Indigenous peoples call for moratorium on Arctic oil drilling

Indigenous peoples call for moratorium on Arctic oil drilling
A sign posted in Kiruna, Sweden during the Arctic Indigenous Peoples Conference last week sends out a straight forward message.Photo: Greenpeace.

More than 40 indigenous groups from the circumpolar world, including two permanent members of the Arctic Council, signed a declaration last week calling for a moratorium on Arctic oil development without their consent.

In a “Joint Statement of Indigenous Solidarity for Arctic Protection,” individuals from organizations in every Arctic jurisdiction, from Scandinavia to Yamal, Alaska, Greenland and Northern Canada, called for a halt to exploration and extraction of both offshore and onshore oil in their territories without explicit consent from indigenous peoples.

“The Peoples of the North will no longer be bought with dimes and cents to stand silently by while the oil companies destroy our native land. Our culture and history cannot be bought off and replaced with pipelines and drill rigs,” the statement reads.

“Our way of living defines who we are and we will stand up and fight for our nature and environment. Too many have been reduced to depend on the generosity of the oil companies.”

The statement makes three demands: a ban on all offshore oil drilling in the Arctic shelf, a moratorium on onshore oil drilling in the Arctic and the need for consent from all indigenous peoples when developing industry in the North.

The declaration is signed by several individuals from the Northwest Territories and northern Alberta, including Athabasca Chipewyan First Nation Chief Allan Adam and Dene National Chief Bill Erasmus, who also serves as international vice-chair of the Arctic Athabaskan Council (AAC), a permanent participant of the Arctic Council.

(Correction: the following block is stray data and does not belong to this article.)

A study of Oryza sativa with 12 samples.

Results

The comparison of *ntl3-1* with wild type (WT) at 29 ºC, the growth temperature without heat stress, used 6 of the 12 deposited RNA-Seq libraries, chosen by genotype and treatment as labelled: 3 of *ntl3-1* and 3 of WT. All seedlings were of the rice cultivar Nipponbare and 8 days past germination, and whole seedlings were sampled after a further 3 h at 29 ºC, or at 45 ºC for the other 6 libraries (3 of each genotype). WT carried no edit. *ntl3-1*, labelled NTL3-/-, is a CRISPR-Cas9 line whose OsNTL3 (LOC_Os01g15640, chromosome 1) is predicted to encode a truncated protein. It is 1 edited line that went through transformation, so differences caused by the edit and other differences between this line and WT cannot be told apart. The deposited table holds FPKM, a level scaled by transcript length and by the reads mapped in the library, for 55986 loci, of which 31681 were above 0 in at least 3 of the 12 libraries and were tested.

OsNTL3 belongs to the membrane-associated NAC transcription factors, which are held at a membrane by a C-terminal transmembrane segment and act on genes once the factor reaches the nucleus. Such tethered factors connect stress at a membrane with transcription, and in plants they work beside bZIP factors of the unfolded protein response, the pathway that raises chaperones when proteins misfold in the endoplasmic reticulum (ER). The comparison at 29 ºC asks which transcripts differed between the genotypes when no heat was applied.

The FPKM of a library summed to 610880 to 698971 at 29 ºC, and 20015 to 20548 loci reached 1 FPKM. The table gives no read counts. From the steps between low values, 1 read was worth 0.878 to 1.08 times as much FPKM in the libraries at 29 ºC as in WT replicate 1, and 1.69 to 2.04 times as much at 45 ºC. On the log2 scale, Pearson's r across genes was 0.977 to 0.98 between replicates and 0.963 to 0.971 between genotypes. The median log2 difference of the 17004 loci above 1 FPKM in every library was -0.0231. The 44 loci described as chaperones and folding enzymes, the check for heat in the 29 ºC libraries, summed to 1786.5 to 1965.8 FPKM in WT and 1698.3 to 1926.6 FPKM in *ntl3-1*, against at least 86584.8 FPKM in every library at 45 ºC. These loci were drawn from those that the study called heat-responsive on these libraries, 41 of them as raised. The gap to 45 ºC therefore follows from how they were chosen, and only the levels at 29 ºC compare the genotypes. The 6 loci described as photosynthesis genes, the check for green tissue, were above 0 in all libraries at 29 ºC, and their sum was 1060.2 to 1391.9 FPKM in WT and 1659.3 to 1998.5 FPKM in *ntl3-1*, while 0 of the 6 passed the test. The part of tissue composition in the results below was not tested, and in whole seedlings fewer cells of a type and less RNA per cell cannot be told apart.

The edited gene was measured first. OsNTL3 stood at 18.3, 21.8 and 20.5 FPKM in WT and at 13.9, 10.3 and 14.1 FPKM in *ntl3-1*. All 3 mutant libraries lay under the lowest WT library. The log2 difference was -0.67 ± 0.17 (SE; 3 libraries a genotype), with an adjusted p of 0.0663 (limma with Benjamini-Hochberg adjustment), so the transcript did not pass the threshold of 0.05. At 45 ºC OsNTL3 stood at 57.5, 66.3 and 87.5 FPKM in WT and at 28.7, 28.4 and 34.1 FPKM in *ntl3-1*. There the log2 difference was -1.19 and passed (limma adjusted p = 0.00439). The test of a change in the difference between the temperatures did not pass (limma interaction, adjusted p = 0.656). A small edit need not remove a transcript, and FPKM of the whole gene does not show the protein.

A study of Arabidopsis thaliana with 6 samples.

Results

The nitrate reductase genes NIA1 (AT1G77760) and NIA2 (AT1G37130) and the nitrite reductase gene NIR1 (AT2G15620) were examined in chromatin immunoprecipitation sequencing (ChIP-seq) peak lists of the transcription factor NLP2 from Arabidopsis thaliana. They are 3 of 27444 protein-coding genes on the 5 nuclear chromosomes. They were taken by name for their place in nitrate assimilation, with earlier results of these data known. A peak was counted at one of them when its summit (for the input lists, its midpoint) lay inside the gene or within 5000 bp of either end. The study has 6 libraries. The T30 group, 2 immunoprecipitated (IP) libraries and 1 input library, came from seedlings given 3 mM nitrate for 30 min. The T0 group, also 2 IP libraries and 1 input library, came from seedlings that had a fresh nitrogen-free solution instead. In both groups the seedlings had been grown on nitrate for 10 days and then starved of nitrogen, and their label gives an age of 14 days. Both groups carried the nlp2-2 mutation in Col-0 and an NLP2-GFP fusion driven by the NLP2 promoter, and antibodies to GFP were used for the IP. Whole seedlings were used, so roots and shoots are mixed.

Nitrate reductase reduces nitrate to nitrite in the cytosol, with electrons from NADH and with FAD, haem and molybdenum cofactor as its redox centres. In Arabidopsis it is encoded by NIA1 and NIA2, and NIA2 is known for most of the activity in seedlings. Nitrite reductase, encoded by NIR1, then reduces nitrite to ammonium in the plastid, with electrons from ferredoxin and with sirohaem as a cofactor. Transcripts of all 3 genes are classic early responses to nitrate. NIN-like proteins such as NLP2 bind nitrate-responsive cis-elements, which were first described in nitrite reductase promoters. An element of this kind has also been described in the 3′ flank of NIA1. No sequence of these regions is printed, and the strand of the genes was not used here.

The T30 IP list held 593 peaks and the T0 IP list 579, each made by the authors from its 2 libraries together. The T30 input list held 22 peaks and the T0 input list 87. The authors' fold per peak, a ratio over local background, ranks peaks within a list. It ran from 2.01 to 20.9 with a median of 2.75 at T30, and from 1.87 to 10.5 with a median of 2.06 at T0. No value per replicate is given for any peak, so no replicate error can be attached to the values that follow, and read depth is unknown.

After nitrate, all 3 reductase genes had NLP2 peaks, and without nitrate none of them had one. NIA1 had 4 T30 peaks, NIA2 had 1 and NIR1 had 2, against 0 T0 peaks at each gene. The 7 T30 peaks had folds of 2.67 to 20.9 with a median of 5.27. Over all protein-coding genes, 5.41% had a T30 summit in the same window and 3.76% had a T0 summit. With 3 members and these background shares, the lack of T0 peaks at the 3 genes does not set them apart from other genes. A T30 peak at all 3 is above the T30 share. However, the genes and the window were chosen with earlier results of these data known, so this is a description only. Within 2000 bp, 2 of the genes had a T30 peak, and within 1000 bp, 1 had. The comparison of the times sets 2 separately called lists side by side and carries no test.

Along with the AAC, fellow Arctic Council participant, the Russian Association of Indigenous Peoples of the North, also signed the declaration.

Erasmus, along with others from Canada’s North including elders Francois Paulette and Besha Blondin and young activists Kiera Kolson and Eriel Deranger, attended the Arctic Indigenous Peoples Conference organized by Greenpeace in Kiruna, Sweden before the start of the Arctic Council meetings on May 12-13.

The second such conference aimed to connect indigenous communities from around the Arctic.

Both the Inuvialuit Regional Corp. (IRC) and Gwich’in Tribal Council in the NWT said the agreement doesn’t speak for them and that they are in favour of sustainable development.

The IRC is currently engaged with both the territorial and federal governments on an agreement for offshore and onshore oil and gas in the Beaufort region. The agreement will decide matters of resource royalties and rules oil and gas companies must follow.